Tuesday, April 23, 2013

Central: My 2013 Central America Bus Trip (Part 4)

Costa Rica-Panama

The chicken leg in lukewarm cream sauce that I ate in Nicaragua hasn't made me sick yet. Hurray!

Costa Rica is the opposite of Honduras. Nature here is unspoiled. The whole country is like one, well preserved, national park. As we pull into the San Jose bus station, some of the shopping malls we pass by remind me of upscale malls in Orange County.

At the station, the crew that has served us since El Salvador are done with their shift. I want to say a word about these two young men, our attendants. They were awesome. They have been working for almost 24 hours straight and they look just as fresh and dapper now as when they started this shift. I imagine they are the equivalent of what flight attendants in the U.S. in the 1960s were like-- glamorous, exploring exotic locales. Anyway, let's get back to the story.

The bus from San Jose to Panama City is completely full. The border between Costa Rica and Panama is supposed to be open 24 hours a day, so we arrived at the border at 4 a.m. The bus attendant had us quickly line up at the border. The urgency led me to believe that this was going to be quick.

It's 5 a.m., and we're still standing in line. The officials' windows have not opened. In fact, there's no one inside the border control building. I am tired, sore, and my face, which has not been washed for over a day, is greasy. So greasy, in fact, that when I rub my eyes, the grease burns my eyes. I also have to pee, but don't want to lose my place in line. And, there's nowhere to pee legally or discretely anywhere.

Then, I look behind me. And I see the sun rising. (See lede photo, which happens to be my favorite photo from the entire trip.) If there is anything more beautiful than a Costa Rican sunset, it's a Costa Rican sunrise. The scenery was augmented by the loud, almost shrill, chirping of hundreds of birds. All of my physical complaints vanished. My pains were gone. I didn't care about how my hair looked or how I smelled. I was in a zen-like trance. I was in the Zone. And it felt beyond great.

In that enlightened mood, we waited for another hour.

With Costa Rica's side finally out of the way, we walk across into Panama. An older lady who worked for Panamanian customs herded us, all of the passengers on the bus, into an oval room furnished with metal tables. She ordered us to place all of our luggage on the table tops and open them for inspection. But before she dug through our belongings, she led us in prayer. Strange.

After the inspections, it was more waiting. A guy in street clothes approached each of us and said that he represented the local municipality. Apparently, we each had to give him a dollar for the right to enter the area. It's the local ordinance. I sensed a scam, even if it's an officially sanctioned scam, and reluctantly gave him a dollar. To legitimize the transaction, he affixed a little sticker in my passport.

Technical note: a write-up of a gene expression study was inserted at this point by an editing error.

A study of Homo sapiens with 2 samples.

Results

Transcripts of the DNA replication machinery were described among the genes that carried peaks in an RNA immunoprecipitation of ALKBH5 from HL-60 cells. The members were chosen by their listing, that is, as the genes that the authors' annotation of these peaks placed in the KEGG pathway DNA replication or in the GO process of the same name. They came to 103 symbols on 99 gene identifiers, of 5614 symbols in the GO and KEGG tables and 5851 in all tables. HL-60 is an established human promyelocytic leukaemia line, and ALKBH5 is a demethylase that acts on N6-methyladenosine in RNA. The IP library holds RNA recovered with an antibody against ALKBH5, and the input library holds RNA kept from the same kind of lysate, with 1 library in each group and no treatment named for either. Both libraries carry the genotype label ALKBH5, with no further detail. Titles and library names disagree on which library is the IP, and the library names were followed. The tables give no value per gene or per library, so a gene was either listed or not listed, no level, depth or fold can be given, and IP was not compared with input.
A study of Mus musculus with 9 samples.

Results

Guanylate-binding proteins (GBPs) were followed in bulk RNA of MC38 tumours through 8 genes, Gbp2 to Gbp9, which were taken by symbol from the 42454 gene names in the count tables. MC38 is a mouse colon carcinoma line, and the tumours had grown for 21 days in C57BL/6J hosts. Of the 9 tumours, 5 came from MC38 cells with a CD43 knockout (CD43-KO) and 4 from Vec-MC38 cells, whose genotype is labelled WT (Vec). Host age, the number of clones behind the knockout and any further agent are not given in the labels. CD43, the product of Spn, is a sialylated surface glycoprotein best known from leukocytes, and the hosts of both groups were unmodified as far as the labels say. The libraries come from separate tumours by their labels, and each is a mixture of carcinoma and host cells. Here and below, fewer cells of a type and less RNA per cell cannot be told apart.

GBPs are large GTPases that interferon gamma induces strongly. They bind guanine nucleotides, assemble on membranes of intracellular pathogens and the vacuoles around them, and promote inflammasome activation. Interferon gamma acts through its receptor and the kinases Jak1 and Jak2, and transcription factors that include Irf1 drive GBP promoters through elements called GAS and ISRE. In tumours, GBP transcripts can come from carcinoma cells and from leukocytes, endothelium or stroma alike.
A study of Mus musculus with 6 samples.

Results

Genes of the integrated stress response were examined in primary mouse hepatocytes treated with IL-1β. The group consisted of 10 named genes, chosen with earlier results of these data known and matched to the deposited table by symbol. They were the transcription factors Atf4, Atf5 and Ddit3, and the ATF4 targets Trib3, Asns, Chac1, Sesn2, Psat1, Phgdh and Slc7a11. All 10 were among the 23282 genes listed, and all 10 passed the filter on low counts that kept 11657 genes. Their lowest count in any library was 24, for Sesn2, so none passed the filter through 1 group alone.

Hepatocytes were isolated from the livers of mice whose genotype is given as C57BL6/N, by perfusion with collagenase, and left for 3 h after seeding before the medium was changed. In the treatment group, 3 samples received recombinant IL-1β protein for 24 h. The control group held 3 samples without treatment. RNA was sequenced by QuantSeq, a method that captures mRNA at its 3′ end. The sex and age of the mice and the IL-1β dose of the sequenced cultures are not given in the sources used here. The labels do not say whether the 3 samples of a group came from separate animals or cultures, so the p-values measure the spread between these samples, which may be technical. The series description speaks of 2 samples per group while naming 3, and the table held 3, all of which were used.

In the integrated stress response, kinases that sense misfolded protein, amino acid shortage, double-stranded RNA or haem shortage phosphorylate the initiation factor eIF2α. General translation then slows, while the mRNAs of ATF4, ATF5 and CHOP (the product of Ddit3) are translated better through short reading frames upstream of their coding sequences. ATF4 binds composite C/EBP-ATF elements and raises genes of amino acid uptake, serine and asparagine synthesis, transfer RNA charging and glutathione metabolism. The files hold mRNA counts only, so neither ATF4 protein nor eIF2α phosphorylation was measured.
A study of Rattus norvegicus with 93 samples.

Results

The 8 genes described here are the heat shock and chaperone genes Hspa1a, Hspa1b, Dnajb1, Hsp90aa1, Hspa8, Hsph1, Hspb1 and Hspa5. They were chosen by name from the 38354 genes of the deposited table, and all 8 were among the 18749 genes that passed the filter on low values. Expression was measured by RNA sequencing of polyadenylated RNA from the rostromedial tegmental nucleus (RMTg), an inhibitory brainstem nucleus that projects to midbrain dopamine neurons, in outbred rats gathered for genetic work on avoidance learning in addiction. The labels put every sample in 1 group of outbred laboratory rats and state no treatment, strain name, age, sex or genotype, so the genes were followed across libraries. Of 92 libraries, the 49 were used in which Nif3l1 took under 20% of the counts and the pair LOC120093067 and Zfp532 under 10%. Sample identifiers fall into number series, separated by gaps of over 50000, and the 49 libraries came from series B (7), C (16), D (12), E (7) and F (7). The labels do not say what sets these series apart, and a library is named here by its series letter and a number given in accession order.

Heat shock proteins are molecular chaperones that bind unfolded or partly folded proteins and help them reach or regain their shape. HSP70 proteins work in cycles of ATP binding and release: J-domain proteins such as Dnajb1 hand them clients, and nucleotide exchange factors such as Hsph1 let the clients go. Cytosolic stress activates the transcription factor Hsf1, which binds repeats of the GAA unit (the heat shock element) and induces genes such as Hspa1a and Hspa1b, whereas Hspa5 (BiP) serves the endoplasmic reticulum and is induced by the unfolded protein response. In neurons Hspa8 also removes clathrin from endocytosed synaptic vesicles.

More waiting. This feral dog resting underneath our bus had the right idea.

Contrary to my mental map of Panama, it runs east-west rather than north-south. By late afternoon, we approached Panama City. I tapped the guy sitting next to me and asked if I was seeing the Panama Canal. He nodded. And we were going to drive over it, on a bridge!

At the foot of the bridge is this monument. It was paid for by the local Chinese community, recognizing 150 years of contributions to Panama.

And here we are, over the canal. This was an unexpected bonus of the trip, although when you think about it, how else was I going to get to Panama City by land without crossing the canal? To top it off, we were stuck in traffic on the bridge. I quickly learned that unless it's three in the morning, there is always soul-crushing traffic everywhere in Panama City.

In 43 hours of travel on Ticabus, I logged 2,223 kilometers through six Central American countries. I am almost done.

The next day, I plotted my trip to the Darien Gap. I went to the bus station to buy my ticket. The lady at the counter told me no tickets are sold in advance. Just show up at four tomorrow morning. I then went to the Tommy Guardia Geographic Institute and bought detailed maps of the Darien region. I capped the successful mission with a dim sum lunch at Lung Fung. Tomorrow, I complete my journey.


Alan said...

Excellent, really enjoying this coverage. Good luck and be safe.

Edvin said...

Well written about the most important skill in traveling, the ability to snap out of your self-inflicted misery and annoyance and to instead appreciate where you are and what you're doing. Those are usually the most memorable moments afterwards. Too many people lack that skill and are often seen complaining to the staff in a hotel lobby because their room doesn't face the beach etc. They don't realize that they're the ones ruining their holiday, not the hotel staff.